World’s best video camera to develop cures for deadliest cancers

The Rosalind Franklin Institute (RFI) today launched an ambitious new project to build the world’s most advanced real-time high-speed video camera, the key to understanding new techniques that use light and sound to treat some of the most lethal forms of cancer.

Business Secretary Greg Clark today launched the Rosalind Franklin Institute and announced its first major projects including funding to develop the World’s best ultra-fast video camera for imaging tissue with greater sensitivity and at higher resolution than any other instrument currently available.

The camera will be invaluable in developing new techniques that use sound and light for both detecting and treating disease, including some of the most lethal forms of cancer such as pancreatic and brain tumours, with minimal side effects for patients.

The new instrument will be developed through a collaboration between an academic team at the University of Oxford and a UK-SME specialising in high-speed imaging, Invisible Vision. Once completed it will be housed at the new Rosalind Franklin Institute being built at the Harwell Research Complex in Oxfordshire for use by researchers in the UK and the rest of the world.

Chemotherapy is one of the most common treatments for cancer, using powerful drugs to kill cancer cells or stop them from growing and spreading to other parts of the body. These drugs are introduced into the bloodstream and absorbed into the surrounding tissue.

Professor Eleanor Stride from The Institute of BiomedicProfessor Eleanor Strideal Engineering said:

A major challenge with current delivery methods for cancer drugs is that they rely on the active molecules reaching and entering the tumour cells by diffusion. This makes it difficult to ensure that all parts of a tumour are treated and leads to terrible side effects because large volumes of healthy tissue also absorb the drug. We need to find a better way to get these drugs into cancer cells specifically, quickly and effectively.”

Professor Stride said: “The approach we’re developing introduces harmless particles into the bloodstream and then uses ultrasound to activate them, in order to both release the drug at a specific site and helping to drive it into the tumour to reach all of the cells within in it.

The new instrument will be a key part of the core capability of the RFI’s INSIGHT laboratory, which will be devoted to developing technology for imaging and therapy at the intersection of light and sound. 

It will be the first camera in the world able to capture up to 100 million individual frames per second at 1 megapixel resolution and operate across a wide optical spectrum from ultraviolet to infrared. This one-of-a-kind camera will enable researchers to see how ultrasound interacts with drug-loaded particles and tissue and how that enables controlled the uptake of drugs into cancer cells. The camera will help researchers to understand the biophysical mechanisms behind drug delivery - critical to perfecting ultrasound targeted drug delivery.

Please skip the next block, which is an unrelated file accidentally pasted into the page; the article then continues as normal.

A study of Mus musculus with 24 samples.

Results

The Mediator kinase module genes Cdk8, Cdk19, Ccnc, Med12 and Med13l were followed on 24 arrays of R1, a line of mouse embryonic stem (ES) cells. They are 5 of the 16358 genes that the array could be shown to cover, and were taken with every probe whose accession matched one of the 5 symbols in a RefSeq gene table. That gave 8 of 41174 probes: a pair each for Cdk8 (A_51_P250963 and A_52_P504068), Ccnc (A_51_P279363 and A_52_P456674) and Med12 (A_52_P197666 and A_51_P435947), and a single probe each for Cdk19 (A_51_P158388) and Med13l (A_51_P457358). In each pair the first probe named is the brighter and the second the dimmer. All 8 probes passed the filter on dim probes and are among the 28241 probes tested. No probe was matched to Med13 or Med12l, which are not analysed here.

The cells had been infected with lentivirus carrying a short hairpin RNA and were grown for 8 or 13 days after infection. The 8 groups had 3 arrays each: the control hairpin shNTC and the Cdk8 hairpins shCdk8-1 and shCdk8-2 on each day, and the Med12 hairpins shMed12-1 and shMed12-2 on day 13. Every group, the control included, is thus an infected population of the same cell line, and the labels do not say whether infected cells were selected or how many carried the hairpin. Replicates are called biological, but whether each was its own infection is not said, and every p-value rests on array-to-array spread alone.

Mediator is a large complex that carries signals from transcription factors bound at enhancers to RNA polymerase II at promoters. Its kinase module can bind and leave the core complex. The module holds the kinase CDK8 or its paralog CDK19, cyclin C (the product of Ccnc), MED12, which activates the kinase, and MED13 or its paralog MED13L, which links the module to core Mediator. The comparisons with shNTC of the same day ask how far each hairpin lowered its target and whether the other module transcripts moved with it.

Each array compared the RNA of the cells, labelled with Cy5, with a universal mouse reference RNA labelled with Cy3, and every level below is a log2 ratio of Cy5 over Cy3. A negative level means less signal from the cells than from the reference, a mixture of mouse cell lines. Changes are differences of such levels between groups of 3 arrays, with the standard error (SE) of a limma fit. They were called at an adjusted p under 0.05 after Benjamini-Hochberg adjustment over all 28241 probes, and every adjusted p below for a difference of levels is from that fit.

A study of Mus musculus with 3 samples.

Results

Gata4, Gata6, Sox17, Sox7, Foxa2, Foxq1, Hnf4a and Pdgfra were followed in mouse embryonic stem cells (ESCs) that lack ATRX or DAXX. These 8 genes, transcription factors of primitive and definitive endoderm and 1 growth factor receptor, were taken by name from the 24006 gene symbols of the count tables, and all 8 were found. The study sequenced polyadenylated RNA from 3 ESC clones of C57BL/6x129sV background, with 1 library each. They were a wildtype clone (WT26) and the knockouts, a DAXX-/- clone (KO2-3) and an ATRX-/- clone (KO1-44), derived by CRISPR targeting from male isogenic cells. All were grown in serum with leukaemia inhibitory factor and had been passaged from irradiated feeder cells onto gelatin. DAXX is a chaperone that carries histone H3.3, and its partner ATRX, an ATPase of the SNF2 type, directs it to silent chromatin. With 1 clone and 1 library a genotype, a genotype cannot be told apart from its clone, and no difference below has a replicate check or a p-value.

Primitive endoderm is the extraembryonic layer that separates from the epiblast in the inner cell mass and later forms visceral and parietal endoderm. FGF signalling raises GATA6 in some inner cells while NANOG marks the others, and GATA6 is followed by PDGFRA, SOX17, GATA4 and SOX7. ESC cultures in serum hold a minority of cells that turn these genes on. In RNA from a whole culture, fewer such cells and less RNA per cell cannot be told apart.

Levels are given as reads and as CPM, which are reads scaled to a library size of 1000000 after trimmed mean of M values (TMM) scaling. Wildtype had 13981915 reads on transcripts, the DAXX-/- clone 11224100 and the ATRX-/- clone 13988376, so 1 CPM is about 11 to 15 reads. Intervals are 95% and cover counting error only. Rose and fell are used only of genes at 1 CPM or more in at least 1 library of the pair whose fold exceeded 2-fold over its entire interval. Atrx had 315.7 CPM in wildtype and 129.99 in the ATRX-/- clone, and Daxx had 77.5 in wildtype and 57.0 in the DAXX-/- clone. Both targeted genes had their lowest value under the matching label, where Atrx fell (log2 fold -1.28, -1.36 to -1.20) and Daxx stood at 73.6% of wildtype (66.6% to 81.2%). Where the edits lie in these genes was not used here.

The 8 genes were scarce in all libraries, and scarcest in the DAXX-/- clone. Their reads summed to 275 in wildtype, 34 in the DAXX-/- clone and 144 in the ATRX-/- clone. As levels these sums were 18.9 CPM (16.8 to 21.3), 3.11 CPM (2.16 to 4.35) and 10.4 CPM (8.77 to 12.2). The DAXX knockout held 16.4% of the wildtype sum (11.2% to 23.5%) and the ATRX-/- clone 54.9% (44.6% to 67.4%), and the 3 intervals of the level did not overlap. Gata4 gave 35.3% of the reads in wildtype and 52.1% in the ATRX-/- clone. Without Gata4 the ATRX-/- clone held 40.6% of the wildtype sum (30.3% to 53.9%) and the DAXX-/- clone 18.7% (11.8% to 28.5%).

Professor Stride continued: “Most current devices are limited to the optical part of the spectrum or look at specific wavelengths. This camera will be flexible, able to look at the full spectrum from ultraviolet to infrared, which means we’ll be able to see more detail and get higher resolution images than ever before. It will help us see how the ultrasound affects the particles and how exactly it helps improve the drug delivery and allow us to develop the treatment to make it more effective.”

Currently, the fastest long record duration framing camera in the world best suited for these applications are still mechanical, operating at speeds up to 25 million frames per second. The new camera will be smaller and more compact (looking similar to a conventional video camera). It will be faster, more sensitive, and give higher resolution real-time imaging than any other device available today.

Once completed, the new instrument can be configured in a variety of ways and applied to broad range of problems in materials science, plasma/shock physics, combustion, sonochemistry, photoacoustics, biological membrane dynamics and fluid dynamics. It will produce exceptional images of the interaction of ultrasound with tissue and provide fundamental scientific insights that could lead to important new discoveries.

More information:

Rosalind Franklin Institute video with Professor Eleanor Stride.